Canadian Media Cos. Try Private Exchange; Simulmedia’s TV Ad Network Fills Bank


Canadian media companies CBC/Radio-Canada, Rogers Media and Shaw Media announced that they’ll partner on a private exchange for their non-guaranteed, display ad inventory. Known as CPAX – or Canadian Premium Audience Exchange for long – the new exchange will be powered by AppNexus and is scheduled to launch May 16. According to the release, CPAX will provide potential access to 15 million Canadians across more than 100 websites in both English and French. In response to an AdExchanger question about how the non-guaranteed will be handled once it has gone through the private exchange, an AppNexus spokesperson offered by email, “A tiered auction is the plan for now. Preferred buyers will be in the first tier, with preferential access. The impressions, if unsold, will be then available to a larger group of buyers.” The private exchange offers “first look” -as well as a “first taste” of programmatic buying to big brand publishers. Read the release.

Funding The TV Ad Network

Former Tacoda and Real Media ad tech warrior Dave Morgan has reached out to existing investors for another round of funding for his targeted TV startup, Simulmedia. The soon-to-be-closed, $6 million inside round brings Simulmedia’s grand, funding total to (drum roll) $27.25 million. Read more. From here, the funding flowing through ad technology right now is as fast and furious as ever. Interesting to see Morgan and Simulmedia formally take the wraps of his company’s positioning as it’s no longer just about optimizing TV tune-in via set-top box data. From the boilerplate of the funding release: “Simulmedia, Inc. is a NYC -based television ad targeting company and operates the Simulmedia Audience Network, the world’s first data-driven audience network for television.” Integrated marketing for the convergently-inclined draws closer.

Selling Display For Email

VentureBeat covers new email advertising inventory percolating in isocket’s self-serve, reserved media marketplace. Email marketing SaaS company MailChimp is a key partner here as isocket CEO John Ramey tells VentureBeat: “The email functionality will be available through all email marketing platforms, but those that use MailChimp will have a more simplified experience. That’s something that attracted lots of publishers to start using isocket in the first place.” Read it. How long until this sort of inventory is bought programmatically, at scale, and includes other channels like the PC-based display and mobile Web? I’ll guess 18-24 months.

Social Foot Traffic

Data is driving media on Facebook. ClickZ’s Christopher Heine says that gift card distribution system Wrapp (which manages cards for Sephora, Gap, H&M, and others notes Heine) is letting retailers sync demographic and geographic data to make offers – and at varying price points. Heine notes the online/offline impact, “Wrapp’s social commerce application is designed to help merchants increase foot traffic. The gift cards marketing system can also be employed for e-commerce.” Read more.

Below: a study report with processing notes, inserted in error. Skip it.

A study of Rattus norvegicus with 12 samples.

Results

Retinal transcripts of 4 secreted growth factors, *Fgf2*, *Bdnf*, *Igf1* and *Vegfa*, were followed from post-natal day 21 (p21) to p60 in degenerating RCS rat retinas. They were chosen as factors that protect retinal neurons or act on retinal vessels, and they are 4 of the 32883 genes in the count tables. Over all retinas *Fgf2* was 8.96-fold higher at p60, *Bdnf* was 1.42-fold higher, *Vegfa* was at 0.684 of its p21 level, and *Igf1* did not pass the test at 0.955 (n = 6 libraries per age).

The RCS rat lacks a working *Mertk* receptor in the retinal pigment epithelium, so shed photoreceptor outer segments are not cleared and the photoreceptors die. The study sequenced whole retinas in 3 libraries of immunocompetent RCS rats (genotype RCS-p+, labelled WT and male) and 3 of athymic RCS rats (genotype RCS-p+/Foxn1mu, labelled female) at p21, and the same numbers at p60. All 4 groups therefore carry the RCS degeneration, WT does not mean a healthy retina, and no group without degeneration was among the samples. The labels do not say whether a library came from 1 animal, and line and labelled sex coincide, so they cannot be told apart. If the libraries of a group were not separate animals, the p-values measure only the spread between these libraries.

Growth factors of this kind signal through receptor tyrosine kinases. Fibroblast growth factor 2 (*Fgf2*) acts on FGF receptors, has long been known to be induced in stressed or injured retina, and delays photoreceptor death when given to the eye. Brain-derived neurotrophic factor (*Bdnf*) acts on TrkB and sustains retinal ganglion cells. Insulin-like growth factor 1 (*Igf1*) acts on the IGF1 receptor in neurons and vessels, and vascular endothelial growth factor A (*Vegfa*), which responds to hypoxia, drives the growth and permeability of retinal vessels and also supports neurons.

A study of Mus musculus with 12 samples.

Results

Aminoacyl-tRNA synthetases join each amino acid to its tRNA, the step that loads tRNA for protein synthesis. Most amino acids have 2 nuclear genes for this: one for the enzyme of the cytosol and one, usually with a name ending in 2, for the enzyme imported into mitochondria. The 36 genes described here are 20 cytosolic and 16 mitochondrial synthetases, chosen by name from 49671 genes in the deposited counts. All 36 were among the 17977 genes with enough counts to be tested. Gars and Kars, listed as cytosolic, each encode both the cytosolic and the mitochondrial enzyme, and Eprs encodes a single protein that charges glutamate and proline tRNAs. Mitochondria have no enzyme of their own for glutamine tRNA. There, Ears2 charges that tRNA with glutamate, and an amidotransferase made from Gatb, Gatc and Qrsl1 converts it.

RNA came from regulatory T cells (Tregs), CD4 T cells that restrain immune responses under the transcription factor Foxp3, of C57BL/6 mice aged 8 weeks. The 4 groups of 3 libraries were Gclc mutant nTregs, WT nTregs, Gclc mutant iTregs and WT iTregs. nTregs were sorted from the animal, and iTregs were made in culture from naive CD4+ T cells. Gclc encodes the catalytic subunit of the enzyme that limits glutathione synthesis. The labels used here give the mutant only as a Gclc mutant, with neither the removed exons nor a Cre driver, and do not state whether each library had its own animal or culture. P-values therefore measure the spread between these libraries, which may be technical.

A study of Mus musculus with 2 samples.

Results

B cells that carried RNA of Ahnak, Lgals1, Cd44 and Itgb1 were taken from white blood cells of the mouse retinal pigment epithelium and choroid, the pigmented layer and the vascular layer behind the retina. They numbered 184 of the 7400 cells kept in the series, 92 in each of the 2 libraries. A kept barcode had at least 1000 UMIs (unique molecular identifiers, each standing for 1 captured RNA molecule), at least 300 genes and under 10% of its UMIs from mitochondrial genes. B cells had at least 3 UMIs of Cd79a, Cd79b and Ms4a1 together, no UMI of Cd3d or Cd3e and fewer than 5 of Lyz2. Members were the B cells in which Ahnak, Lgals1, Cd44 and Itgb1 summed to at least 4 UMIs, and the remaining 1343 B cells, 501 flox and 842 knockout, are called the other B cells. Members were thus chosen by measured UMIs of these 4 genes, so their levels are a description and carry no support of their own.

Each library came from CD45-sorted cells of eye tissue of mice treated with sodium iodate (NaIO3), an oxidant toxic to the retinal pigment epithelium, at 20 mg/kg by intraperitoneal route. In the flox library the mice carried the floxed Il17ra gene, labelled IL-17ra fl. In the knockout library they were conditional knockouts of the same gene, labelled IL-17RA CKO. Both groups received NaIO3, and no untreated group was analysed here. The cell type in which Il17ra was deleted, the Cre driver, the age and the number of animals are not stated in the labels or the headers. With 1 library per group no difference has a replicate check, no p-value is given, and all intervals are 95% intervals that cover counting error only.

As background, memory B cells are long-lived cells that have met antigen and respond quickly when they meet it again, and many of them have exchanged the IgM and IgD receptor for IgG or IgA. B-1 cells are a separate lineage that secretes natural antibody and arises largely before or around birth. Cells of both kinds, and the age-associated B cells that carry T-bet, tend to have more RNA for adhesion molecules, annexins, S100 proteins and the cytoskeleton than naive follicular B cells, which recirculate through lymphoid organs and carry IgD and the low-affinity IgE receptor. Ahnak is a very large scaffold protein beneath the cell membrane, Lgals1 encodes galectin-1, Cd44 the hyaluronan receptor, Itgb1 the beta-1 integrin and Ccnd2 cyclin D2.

Integrating The Ads

Digiday’s Josh Sternberg profiles Complex Media Network which hails from a print publication background but has since morphed into an online ad network of sorts along the lines of Glam Media and Alloy Digital. It’s a combination of ads and content. “Across the Complex Media Network, CPMs run between $13 and $17 on standard display depending on the category. It can go up from there if there’s custom content, like video. CEO Antoniello says it has high CPMs because of its unique content. He explained that the company vets all of its publisher partners upon recruitment, so no linking strategies.” Read more. In that marketers increasingly want branded content/entertainment, clever online content owners may be able to make a lucrative match with brand dollars. Site rep firms rejoice! Talented sales forces matter.

No Joy In Newsville

A.H. Belo reported its Q1 2012 revenue yesterday as the newspaper company (publisher of the Dallas Morning News among others) continues to take a hit and its print publication business evaporates. But, that’s not all. It’s digital revenue is apparently hurting, too. From the release, “Digital revenue decreased 11 percent to $7.8 million. Excluding the impact of a discontinuation of a revenue allocation to digital and the Super Bowl, digital revenue was flat in the first quarter of 2012 compared to the prior year period.” Read the release. Local newspapers remain under siege. With so many access points for comprehensive news on the Web, the local newspaper’s site finds it difficult to compete – especially with Craigslist grabbing its local listings business.